RSOs range widely from selective to inclusive

By Matt Troher, Interim Features Editor

You spent countless hours preparing your college application. Entering demographic information, tailoring your resume to each potential school, toiling away at your desk to create the perfect essay — you know the Common App like the back of your hand.

The acceptance comes — a flashy email or a large envelope arrives. Hours of dedication have paid off, and you can’t wait to get to campus and start the college experience. Visions of attending classes, going to parties, and — most importantly — joining clubs fill your imagination. You start envisioning a future where you’re the president, or at least a dutiful member, of myriad clubs pertaining to your major, boosting your resume while wringing the most out of your college experience.

But, once you get to campus and attend Quad Day, you notice a trend. Joining some of these clubs, particularly those related to a pre-professional major, isn’t as easy as putting your name and email on a sign-up sheet. To join, you must go through a rigorous application process. The terms ‘CV’ and ‘supplemental essay’ give you flashbacks. It seems like you already did this.

As with most things, there are pros and cons to selective RSOs. Public sentiment is more often against RSOs with a level of selectivity, so arguments in favor are brief and far between. However, some RSOs with a dedicated mission and a focused goal — such as those centered around a central event or those with a pre-professional focus — use selectivity to get toward their goal.

RSOs requiring a formal application, and potentially an interview process, tend to attract students who are more dedicated to the RSO’s purpose. The most dedicated students self-select, thus ensuring a student group full of like-minded individuals working toward a common goal.


    Selective RSOs that require members to go through an application process include Hack4Impact, an organization that connects student software developers with nonprofits, and Kappa Alpha Pi, a co-ed pre-law fraternity. In the case of Hack4Impct, student project leaders can only work with so many developers at a time, and accepting every student who applies would simply be too overwhelming.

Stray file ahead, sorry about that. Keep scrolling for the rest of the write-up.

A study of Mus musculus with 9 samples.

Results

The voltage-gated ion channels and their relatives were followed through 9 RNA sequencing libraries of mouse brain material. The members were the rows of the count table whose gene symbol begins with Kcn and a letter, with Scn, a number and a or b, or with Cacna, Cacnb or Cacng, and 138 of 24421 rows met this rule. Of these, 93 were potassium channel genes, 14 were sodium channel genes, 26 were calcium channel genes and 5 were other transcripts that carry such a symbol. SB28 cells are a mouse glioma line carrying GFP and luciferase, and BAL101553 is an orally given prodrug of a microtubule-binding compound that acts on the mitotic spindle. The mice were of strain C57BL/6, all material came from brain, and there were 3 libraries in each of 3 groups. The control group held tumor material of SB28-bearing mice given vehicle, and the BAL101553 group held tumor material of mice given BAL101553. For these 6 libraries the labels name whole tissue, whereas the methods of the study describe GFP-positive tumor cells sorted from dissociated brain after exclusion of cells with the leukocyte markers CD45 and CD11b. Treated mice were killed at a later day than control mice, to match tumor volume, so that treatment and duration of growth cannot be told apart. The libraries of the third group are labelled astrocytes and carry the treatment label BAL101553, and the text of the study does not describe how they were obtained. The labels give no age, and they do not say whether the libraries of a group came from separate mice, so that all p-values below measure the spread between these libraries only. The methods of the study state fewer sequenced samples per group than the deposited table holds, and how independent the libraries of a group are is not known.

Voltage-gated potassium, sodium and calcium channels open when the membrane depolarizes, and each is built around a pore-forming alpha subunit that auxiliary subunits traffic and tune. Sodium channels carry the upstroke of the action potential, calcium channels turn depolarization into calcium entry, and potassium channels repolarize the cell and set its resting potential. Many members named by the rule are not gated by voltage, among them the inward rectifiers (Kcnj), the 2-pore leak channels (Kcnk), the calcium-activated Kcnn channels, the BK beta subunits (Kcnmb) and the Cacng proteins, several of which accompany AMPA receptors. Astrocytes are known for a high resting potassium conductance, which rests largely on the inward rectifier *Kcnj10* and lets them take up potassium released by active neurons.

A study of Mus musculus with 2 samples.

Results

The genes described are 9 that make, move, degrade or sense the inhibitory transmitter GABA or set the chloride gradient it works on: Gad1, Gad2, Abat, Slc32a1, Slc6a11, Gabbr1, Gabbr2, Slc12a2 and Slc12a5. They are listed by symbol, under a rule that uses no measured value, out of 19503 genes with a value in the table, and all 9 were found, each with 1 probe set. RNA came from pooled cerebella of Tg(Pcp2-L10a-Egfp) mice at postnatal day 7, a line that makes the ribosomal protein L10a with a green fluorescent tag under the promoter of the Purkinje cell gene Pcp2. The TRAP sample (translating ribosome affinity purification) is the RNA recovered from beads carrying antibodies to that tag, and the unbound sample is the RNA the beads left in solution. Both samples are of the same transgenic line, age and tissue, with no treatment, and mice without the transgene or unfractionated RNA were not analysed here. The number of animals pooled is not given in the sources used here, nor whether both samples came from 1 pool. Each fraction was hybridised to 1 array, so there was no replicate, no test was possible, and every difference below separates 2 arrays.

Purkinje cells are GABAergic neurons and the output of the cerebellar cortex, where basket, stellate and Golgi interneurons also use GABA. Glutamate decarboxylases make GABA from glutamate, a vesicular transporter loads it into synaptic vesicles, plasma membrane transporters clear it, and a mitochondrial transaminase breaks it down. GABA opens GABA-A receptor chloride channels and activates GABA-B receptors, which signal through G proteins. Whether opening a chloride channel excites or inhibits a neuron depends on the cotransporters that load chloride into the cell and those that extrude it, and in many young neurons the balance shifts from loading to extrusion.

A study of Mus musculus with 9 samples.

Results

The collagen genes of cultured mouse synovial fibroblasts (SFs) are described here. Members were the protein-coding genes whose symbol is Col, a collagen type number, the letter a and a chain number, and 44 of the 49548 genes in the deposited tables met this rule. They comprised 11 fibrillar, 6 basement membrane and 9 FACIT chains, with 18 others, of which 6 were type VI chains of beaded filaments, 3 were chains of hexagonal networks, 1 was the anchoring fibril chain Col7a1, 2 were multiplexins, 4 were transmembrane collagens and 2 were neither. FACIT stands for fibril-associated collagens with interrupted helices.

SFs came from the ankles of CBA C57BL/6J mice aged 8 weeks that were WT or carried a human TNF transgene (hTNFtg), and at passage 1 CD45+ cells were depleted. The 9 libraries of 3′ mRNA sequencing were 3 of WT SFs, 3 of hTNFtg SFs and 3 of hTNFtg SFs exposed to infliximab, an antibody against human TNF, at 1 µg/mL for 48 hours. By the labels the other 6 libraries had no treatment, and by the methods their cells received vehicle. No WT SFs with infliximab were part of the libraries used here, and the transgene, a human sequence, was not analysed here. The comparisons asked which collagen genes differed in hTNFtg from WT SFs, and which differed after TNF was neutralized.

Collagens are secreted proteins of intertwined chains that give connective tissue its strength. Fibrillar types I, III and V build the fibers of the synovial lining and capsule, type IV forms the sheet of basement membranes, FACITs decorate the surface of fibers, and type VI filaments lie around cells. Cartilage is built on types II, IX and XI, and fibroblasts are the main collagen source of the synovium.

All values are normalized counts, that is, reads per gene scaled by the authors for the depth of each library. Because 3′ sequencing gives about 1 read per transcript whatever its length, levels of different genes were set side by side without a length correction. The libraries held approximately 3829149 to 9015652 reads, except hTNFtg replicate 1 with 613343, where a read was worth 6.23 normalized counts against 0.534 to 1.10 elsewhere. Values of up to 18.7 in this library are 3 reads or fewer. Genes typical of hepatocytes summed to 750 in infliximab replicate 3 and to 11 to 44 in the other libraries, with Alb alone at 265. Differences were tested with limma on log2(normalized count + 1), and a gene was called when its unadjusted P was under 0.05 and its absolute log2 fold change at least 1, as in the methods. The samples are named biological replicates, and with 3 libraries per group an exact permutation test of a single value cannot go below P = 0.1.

Selective RSOs typically only accept new students once per semester, so it’s important that interested students plan ahead for which organizations they are interested in applying to. Even more important, however, is to remember there are hundreds of RSOs that pride themselves on inclusivity. A rejection from an RSO may sting, but there are still plenty of ways to enrich your college experience through inclusive student groups — professional and social alike.

    Nearly every major has an associated organization, with plenty having more than one, giving students opportunities to network within their field without having to go through a secondary application process. RSOs pertaining to hobbies, general interests and advocacy — such as Illini Disc Golf, Stitching Illini or vermiCUlture — are open to all interested students.

    Whether you’re seeking a small organization of like-minded dedicated students or a large organization that accepts any and all interested students, there is a group for you at Illinois.